The Islands Centre for Net Zero is a pan-island distributed innovation centre that will support Orkney, Shetland and the Outer Hebrides to become lighthouse communities in the energy transition.

Developed by an Islands based consortium led by the European Marine Energy Centre (EMEC) with partners Heriot Watt University, Aquatera and Community Energy Scotland and the three Island’ Councils.

The centre will support the exploration, trialling and acceleration of solutions to decarbonisation that could have replicability worldwide.

The scale of the challenge of decarbonisation

The islands have diverse and complex economies due to the combination of remoteness, natural resources, climate and economic heritage, with a reliance on petroleum products for energy across all sectors. Sustaining our island communities requires a significant amount of energy, which creates significant carbon emissions. Scotland’s islands have been at the forefront of efforts to decarbonise electricity and are now collectively focussed upon decarbonising their whole systems.

The islands are set to become major renewable energy hubs for onshore and offshore energy, with the potential to provide over 10% of the UK’s energy generation from wind, wave and tidal energy[1] ensuring security of supply and improving national resilience. However, many aspects of current arrangements are counterintuitive to achieving the system we need, designed for a radial, fossil-fueled system of the past. Transition to net zero requires new joined-up thinking, holistic perspectives, action research directly with fossil energy producers and users, and the freedom to trial novel solutions at different scales.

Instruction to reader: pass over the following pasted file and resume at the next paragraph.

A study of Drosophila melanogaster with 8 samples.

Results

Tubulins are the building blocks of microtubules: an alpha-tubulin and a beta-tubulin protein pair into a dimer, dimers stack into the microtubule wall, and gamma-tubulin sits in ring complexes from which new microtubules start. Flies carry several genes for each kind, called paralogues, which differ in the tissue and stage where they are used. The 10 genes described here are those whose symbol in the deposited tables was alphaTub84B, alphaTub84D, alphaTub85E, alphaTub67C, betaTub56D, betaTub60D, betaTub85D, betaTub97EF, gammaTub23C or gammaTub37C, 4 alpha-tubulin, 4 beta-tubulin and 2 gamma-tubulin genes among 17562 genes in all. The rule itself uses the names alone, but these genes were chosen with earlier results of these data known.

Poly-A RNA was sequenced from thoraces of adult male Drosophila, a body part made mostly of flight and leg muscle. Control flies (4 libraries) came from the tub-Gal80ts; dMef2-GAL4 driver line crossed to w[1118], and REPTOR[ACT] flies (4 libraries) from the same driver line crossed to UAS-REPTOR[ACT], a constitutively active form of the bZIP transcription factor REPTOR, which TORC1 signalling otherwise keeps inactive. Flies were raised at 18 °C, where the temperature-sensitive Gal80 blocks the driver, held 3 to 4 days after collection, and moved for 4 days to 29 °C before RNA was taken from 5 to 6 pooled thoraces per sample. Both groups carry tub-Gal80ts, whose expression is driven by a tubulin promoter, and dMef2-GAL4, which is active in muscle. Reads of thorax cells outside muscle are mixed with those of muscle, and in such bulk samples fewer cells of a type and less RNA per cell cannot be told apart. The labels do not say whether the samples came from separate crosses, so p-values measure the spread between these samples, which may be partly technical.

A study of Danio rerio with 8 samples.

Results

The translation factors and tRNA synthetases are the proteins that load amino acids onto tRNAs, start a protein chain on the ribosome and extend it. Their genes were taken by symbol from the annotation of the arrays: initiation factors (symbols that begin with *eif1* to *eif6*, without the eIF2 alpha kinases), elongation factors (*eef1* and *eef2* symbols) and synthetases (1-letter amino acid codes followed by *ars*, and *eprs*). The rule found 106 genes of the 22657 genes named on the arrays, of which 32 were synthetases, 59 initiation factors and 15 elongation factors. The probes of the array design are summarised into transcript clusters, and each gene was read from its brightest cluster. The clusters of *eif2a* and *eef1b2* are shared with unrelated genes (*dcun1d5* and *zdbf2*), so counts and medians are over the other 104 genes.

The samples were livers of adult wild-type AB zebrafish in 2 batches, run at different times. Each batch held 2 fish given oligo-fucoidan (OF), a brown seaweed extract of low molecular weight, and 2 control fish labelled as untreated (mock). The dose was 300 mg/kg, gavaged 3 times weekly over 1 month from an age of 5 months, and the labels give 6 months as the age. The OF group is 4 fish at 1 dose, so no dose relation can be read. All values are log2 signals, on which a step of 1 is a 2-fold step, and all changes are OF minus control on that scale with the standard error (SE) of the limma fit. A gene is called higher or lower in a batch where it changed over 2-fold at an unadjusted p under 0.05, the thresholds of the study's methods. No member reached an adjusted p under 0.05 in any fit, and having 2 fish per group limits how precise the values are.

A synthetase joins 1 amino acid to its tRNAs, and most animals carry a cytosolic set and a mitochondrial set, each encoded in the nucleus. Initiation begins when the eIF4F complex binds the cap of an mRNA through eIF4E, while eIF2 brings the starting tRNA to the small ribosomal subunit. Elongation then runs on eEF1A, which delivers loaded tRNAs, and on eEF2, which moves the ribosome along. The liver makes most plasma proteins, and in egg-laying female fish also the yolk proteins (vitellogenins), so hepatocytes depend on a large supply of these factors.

Our island communities can be leading lights for energy transition

Like the effects of global warming, the challenge of decarbonisation are hardest felt at the peripheries. The islands are both at the edge of the energy grid, as well as being some of the remotest places to live in the UK.

As is well-known to the 72,000 people living across Orkney, Shetland and Western Isles, this challenging geography demands and drives innovative thinking – the islands frequently test the boundaries and assumptions of existing systems and regulations. If the renewable future is to be decentralised, the peripheries need to be centre stage to making that system work.

The findings and interventions identified and delivered through the ICNZ providing models for islands transition which will have relevance to the national and international context.

Achieving a Just Transition

The ICNZ has significant potential to deliver solutions to the UK Government Levelling Up and Scottish Government Social Justice agendas. These having increased significance in current terms arising from the cost of living and energy crises which put added pressure on remote and cold weather communities – designing and delivering solutions to energy security which have genuine value in terms of job creation and affordability.

ICNZ will undertake the proactive, quality stakeholder engagement only possible at the local level, that is representative of all voices, with the expertise to help make the decarbonisation solutions identified a reality.

Our Islands - Our Deal

[1] Based on internal analysis undertaken by Aquatera on the offshore and onshore renewable energy potential in the areas surrounding Shetland, Orkney and the Western Isles

What is ICNZ?

Our Islands (Shetland, Outer Hebrides and Orkney) have a shared ambition to spearhead decarbonisation, leading Scotland towards its 2045 net zero target and the rest of the UK by 2050.

Funders and Partners

Through the £335 million Islands Deal, Orkney, Shetland and the Outer Hebrides will come together for the first time to undertake a cross-sectoral programme for businesses, universities, communities, and local government.